In the previous post we calculated the values of

## Classic Linear Regression Model (CLRM)

There are 7 assumptions that **Gaussian** or **Classic** linear regression model (CLRM) makes. These are:

### 1. The regression model is linear in parameters

Recall that the population regression function is given by

### 2. Values of X are fixed in repeated sampling

In this series of posts, we’ll be looking at **fixed regressor models**^{[1]} where the values of X are considered to be fixed when drawing a random sample. For example, in the previous post the values of X were fixed between 80 and 260. If another sample were to be drawn, the sample values of X would be used.

### 3. Zero mean value of the error term

This assumption states that for every given

What this assumption means that all those variables that were not considered to be a part of the regression model do not systematically affect

This assumption also means is that there is no **specification error** or **specification bias**. This happens when we chose the wrong functional form for the regression model, exclude necessary explanatory variables or include unnecessary ones.

### 4. Constant variance of (homoscedasticity)

This assumption states that the variation of

With this assumption, we assume that the variance of

### 5. No autocorrelation between disturbances

Given any two **serial correlation** or **autocorrelation** i.e.

To build an intuition, let’s consider the population regression function

Now suppose that

### 6. The sample size must be greater than the number of parameters to estimate

This is fairly simple to understand. To be able to estimate

### 7. Nature of X variables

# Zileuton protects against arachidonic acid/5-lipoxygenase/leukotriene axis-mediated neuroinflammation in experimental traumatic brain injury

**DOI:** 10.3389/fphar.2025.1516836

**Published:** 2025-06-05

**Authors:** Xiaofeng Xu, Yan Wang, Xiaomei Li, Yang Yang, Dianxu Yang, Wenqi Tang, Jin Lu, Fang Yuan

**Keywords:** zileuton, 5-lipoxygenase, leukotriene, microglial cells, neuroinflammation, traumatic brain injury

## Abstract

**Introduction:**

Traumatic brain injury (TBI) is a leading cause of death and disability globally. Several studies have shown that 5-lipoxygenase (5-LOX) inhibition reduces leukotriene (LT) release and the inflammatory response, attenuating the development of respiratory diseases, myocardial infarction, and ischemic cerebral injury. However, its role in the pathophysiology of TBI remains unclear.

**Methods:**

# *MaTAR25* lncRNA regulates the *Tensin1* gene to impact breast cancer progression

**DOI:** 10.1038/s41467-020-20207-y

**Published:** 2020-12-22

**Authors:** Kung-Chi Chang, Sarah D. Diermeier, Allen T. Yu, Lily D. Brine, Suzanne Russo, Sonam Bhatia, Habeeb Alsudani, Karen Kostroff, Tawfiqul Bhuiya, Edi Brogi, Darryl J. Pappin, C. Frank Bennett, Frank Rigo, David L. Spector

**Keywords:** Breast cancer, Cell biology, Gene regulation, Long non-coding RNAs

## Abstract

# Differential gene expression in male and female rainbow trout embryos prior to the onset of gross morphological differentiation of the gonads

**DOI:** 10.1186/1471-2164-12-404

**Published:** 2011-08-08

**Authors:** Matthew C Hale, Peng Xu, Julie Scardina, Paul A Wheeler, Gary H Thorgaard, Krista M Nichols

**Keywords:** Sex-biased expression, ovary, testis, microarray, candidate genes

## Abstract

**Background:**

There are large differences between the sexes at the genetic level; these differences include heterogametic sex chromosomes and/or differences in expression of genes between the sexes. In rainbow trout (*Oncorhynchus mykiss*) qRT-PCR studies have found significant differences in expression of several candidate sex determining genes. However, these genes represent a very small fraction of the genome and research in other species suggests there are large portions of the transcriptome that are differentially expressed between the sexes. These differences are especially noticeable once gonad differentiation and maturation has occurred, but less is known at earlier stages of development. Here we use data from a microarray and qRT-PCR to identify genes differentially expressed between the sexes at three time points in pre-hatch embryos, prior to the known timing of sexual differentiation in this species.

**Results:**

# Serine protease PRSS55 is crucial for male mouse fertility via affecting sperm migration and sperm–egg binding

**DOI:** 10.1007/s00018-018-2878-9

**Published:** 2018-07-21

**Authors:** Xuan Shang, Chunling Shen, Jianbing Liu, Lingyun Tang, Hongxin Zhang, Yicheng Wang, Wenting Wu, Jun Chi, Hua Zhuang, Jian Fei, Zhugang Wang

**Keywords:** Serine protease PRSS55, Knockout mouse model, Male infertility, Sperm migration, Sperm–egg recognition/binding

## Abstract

There are a few things we assume about the value of

If we have all the values of

Furthermore, we assume that there are no outliers in the

These are the 7 assumptions underlying OLS. In the next section, I’d like to elucidate on assumption 3 and 5 a little more.

## More on Assumption 3. and 5.

In assumption 3. we state that

Functionally misspecifying our regression model will also introduce autocorrelation in our model. Consider the two plots shown below.

In the first plot the line fits the sample points properly. In the second one, it doesn’t fit properly. The sample points seem to form a curve of some sort while we try to fit a straight line through it. What we get is runs of negative residuals followed by positive residuals which indicates autocorrelation.

Autocorrelation can also be introduced not just by functionally misspecifying the regression model but also by the nature of data itself. For example, consider timeseries data representing stock market movement. The value of

When there is autocorrelation, the OLS estimators are no longer the best estimators for predicting the value of

## Conclusion

In this post we looked at the assumptions underlying OLS. In the coming post we’ll look at the Gauss-Markov theorem and the BLUE property of OLS estimators.

[1] There are also **stochastic regression models** where the values of X are not fixed.